Protector Turned Abuser: Report pins Police, KCCA for abusing street kids
The revealing report; titled; “Where Do You Want Us To Go?”published by Human Rights Watch (HRW), shows that Police officers, Local Government Officials constantly beat up street children and extort money to release them.
“Children living on the streets in Kampala and throughout Uganda’s urban centres face violence and discrimination by police, local government officials, their peers and communities in which they work and live,” say the report.
It adds: “Police and communities often treat street children as a part of the larger crime problem, arbitrarily arresting, detaining and beating them, and forcing them to clean detention facilities. There is widespread belief within both community at large and the police that street children are all criminals.”
Maria Burnett, a senior researcher with HRW and the author of the report said Ugandan authorities should be protecting homeless children, not beating them up or throwing them in police jails with adults.
Besides the police, the report points out that key government institutions are failing to adequately protect street children. It cites the Ministry of Gender, Labour and Social Development – under which falls the Children’s docket, as perpetrators of rights abuses for street children.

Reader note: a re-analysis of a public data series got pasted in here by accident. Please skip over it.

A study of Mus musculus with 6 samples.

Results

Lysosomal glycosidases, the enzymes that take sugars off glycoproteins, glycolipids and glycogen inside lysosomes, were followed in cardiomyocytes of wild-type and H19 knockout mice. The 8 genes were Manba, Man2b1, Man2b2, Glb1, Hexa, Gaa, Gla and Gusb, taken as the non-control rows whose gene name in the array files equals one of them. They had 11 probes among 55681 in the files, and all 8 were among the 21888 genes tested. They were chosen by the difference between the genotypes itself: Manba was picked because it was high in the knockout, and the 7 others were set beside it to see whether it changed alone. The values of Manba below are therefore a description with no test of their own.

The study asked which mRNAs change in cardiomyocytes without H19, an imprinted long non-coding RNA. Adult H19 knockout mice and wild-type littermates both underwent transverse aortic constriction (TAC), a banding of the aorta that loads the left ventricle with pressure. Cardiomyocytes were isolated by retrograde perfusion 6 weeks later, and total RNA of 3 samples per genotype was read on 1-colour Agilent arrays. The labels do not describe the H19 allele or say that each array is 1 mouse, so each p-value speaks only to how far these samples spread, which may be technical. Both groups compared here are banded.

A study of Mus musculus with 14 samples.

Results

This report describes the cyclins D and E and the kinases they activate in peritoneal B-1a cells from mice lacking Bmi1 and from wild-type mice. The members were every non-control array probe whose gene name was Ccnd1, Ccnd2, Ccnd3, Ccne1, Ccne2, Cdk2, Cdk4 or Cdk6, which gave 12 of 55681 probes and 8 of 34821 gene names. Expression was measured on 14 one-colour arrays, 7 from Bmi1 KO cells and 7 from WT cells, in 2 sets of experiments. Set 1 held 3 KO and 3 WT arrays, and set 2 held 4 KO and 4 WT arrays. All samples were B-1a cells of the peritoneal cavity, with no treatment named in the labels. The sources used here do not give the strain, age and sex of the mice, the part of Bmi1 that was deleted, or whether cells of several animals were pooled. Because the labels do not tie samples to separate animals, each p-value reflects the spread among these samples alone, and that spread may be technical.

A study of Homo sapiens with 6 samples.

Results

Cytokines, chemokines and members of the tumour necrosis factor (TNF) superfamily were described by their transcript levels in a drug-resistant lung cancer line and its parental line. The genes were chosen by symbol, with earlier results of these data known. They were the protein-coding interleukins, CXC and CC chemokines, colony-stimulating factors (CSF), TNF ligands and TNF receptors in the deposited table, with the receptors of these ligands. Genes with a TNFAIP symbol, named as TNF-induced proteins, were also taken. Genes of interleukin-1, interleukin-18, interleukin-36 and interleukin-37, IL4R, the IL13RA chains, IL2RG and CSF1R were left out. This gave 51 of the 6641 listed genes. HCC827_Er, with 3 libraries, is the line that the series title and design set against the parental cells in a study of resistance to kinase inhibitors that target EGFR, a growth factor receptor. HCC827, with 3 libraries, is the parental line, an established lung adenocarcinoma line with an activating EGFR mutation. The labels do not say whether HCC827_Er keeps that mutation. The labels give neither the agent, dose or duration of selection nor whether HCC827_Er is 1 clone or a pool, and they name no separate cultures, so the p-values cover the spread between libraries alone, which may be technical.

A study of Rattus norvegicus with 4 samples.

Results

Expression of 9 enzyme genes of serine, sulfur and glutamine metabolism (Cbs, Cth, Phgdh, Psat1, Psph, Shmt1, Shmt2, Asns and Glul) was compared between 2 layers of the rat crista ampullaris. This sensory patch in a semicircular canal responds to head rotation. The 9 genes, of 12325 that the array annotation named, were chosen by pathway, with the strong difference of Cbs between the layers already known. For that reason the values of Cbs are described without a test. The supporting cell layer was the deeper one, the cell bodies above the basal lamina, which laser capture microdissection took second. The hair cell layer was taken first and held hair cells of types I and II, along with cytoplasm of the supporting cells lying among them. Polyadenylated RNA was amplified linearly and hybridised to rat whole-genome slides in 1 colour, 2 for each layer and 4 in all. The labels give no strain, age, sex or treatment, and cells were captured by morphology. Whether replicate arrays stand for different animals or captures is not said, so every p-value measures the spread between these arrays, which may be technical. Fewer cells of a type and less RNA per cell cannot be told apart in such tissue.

“The Ministry of Gender, local government officers periodically order general roundups of street children throughout the country. These roundups usually occur ahead of speal events, official visits, international conferences, or are a way for the ministry to be seen to be tackling the perceived ‘problem street children,” says the report.
The report also criticises the government and other state institutions for criminalizing NGOs and other civil society organisations that help street children. District councils in Lira and Kasese for example passed ordinances criminalizing provision of support for street children.
In a response to the accusations, Police Spokesperson Fred Enanga told The Sunrise that street children are often involved in confrontations with police officers because they live a hard life that puts them in conflict with the law.
“Police usually gets into conflict with street children because they live a hard life that involves fighting, prostitution, thefts for survival,” said Enanga.
However, the report noted that police officers make deliberate raids against street children specifically during the night when they are sleeping and harass them. In some instances, the street children accused police officers of rape.
Enanga responded however that if there are any specific accusations against police officers involving torture or rape, street children or respective child protection agencies, should report the offending officers to the Inspector General of Government or the Human Rights Commission or
He noted however that in many instances, the police accompanies child protection agencies such as ministry of gender or Kampala Capital City Authority officers to withdraw and reintegrate the children back into the community.